Aeration is one of the most important things you can do for your lawn. It is the process of removing thousands of plugs of thatch and soil approximately 2 inches deep and 5/8" in diameter from the lawn to improve soil aeration.
Core aeration helps the lawn's health and vigor, and it reduces maintenance requirements. The following are other benefits of core aeration:
- Improves air exchange between the soil and the atmosphere
- Enhances soil water uptake
- Improves fertilizer uptake and use
- Improves turf grass rooting
- Reduces soil compaction
- Enhances heat and drought stress tolerance
- Improves resiliency and cushioning
- Accelerates thatch break down
Why is Lawn Aeration Necessary?
In most home lawns, the natural soil has been seriously distributed by the building process. Fertile top soil may have been removed or buried during excavation of the basement or footings, leaving top soil that is more compacted, higher in clay content and less desirable for healthy lawn growth. These lawns need aeration to improve the depth and extent of turf grass rooting and to improve fertilizer and water use.
The ROOT SYSTEM of your lawn is constantly attempting to renew itself by forming and sending out new shoots. This new growth is more extensive in loose open soil. In clay soils or heavy compacted soil, new roots will stay near the soil surface. if there is a thatch build up and the soil is hard, new roots mat remain in the thatch layer. This produces a lawn that dries out quickly and accumulates thatch at an accelerated rate compared to a lawn that is deeply rooted.
Compaction is greater in heavy clay soils, and it is most prevalent in the upper 1 to 1 1/2 inches of soil. Aeration helps lawn growing in compacted soils and heavily used lawns by improving the depth and extent of turf grass rooting, allowing better water uptake, enhancing fertilizer use, and speeding up thatch breakdown.
Most home lawns are subject to thatch accumulation. Thatch is a tight layer of living and dead roots and stems which accumulate at the soil surface. Thatch accumulation will cause the grass roots to be shallow making the turf susceptible to damage by heat, drought, environmental stress, and disease infestation. If thatch is left unmanaged it will lead to serious maintenance problems.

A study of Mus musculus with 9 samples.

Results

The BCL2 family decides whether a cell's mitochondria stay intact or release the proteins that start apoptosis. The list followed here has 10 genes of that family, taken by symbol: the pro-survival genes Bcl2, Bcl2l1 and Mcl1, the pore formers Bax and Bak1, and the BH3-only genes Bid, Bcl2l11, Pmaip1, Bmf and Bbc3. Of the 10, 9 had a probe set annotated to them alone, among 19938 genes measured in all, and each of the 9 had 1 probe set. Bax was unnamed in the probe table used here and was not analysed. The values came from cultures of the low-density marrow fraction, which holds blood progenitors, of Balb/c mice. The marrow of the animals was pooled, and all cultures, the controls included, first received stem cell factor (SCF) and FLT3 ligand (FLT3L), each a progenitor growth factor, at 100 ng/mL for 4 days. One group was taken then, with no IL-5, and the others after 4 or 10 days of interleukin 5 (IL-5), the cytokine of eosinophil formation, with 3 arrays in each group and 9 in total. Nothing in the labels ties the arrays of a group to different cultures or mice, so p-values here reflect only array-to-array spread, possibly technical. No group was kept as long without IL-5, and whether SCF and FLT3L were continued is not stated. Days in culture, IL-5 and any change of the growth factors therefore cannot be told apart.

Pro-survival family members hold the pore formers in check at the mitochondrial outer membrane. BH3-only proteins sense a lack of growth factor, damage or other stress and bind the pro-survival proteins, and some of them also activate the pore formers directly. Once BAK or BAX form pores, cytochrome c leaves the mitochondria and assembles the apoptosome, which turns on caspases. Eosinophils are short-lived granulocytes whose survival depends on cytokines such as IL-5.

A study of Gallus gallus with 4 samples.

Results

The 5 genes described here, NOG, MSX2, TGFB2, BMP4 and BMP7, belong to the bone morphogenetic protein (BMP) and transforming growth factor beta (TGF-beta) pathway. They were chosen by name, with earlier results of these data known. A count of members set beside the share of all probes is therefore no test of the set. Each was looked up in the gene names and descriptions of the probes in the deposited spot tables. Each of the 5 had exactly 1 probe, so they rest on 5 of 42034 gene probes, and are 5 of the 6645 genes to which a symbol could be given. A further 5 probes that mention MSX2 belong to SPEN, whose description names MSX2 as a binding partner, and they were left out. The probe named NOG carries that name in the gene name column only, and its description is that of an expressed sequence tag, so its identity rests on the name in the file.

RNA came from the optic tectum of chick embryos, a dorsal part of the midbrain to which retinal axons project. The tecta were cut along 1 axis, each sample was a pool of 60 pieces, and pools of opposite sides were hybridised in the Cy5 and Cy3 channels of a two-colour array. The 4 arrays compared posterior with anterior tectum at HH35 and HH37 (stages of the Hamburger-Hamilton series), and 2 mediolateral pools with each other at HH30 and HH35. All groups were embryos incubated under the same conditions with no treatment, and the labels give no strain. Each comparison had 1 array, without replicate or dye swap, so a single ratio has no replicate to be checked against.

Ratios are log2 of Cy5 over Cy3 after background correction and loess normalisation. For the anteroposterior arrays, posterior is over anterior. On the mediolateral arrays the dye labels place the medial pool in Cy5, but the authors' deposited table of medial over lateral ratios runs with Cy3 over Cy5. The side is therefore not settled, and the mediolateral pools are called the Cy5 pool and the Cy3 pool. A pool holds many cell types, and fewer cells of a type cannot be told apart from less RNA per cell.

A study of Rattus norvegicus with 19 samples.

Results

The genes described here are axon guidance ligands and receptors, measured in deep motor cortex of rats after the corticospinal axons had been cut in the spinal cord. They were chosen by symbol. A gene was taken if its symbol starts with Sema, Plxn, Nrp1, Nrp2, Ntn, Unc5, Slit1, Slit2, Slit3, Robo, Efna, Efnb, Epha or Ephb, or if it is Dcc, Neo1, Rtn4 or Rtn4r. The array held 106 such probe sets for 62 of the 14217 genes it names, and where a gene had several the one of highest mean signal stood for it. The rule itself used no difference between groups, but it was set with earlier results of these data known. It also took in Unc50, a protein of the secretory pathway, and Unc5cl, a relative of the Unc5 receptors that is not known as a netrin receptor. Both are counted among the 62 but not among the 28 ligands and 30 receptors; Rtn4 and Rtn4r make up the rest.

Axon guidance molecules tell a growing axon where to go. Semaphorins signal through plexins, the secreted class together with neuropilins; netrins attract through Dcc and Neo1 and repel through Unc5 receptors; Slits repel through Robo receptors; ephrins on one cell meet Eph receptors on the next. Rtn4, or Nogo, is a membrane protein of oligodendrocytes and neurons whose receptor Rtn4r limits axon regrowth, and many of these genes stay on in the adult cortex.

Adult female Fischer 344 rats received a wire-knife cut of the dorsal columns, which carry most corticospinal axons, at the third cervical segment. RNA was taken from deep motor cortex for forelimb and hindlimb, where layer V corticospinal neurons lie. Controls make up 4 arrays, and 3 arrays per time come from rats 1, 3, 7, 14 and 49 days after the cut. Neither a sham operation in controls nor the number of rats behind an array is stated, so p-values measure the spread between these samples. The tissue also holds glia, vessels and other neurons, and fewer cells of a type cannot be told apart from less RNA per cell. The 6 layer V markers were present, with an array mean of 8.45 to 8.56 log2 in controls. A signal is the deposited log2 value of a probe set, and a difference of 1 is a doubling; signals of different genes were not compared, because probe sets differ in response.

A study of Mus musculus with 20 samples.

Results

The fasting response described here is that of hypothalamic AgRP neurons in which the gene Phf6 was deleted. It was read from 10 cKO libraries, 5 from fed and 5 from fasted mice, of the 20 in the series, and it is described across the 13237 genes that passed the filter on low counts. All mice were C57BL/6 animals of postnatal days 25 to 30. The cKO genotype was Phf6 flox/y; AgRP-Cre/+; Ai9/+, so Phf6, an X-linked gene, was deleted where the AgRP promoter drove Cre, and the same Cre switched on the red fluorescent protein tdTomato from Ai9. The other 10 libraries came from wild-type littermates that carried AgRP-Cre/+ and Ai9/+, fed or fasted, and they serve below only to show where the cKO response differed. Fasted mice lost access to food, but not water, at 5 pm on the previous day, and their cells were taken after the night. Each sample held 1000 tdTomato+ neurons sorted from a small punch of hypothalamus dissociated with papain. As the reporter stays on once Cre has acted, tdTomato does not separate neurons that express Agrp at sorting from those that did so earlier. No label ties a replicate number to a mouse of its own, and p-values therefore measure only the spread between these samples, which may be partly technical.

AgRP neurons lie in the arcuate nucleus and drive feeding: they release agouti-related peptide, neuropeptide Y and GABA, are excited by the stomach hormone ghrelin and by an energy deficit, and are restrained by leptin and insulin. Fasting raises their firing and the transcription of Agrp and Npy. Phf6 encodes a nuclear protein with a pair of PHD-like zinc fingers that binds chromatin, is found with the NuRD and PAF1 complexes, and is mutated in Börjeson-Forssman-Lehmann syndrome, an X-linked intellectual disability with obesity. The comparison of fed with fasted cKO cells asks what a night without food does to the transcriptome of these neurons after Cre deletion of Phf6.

The aeration process reduces thatch build up, minimizes its accumulation, and modifies its make up by incorporating soil with the thatch. As soil is combined with thatch debris, soil organisms are better able to break down the thatch and reduce accumulation.
Thatch accumulates faster on compacted soils, clay soils, and subsoils that are disturbed during the building process. Therefore lawns require frequent aeration to prevent thatch build up. Most home lawn growing on heavy clay, or highly compacted soils require annual aeration to restrict thatch accumulation.
When Should Lawns be Aerated?
Annual aeration is beneficial for most lawns. Lawns growing on heavy clay or subsoils, and lawns exposed to intense use benefit from more than one aeration each year. Aeration can be done spring or fall. Fall aeration is preferable as new root development is more prevalent at this time of year and continues through most of the winter. Aeration creates the growth zones new roots need to achieve the maximum benefit from the season. Aeration before or at the time of late season fertilization enhances root growth and response and improves spring green up and growth.
What Can You Expect from Lawn Aeration?
Immediately after aeration your lawn will be dotted with small plugs of soil. Within a few weeks these small plugs of soil will break apart and disappear into the lawn.
Don't expect miracles from a single aeration, particularly on lawns growing in extremely poor soils. By aerating your lawn on a yearly basis, you will create an environment for healthy turf, and you may prevent the need for more extensive renovation that often becomes necessary on lawns with poor soil.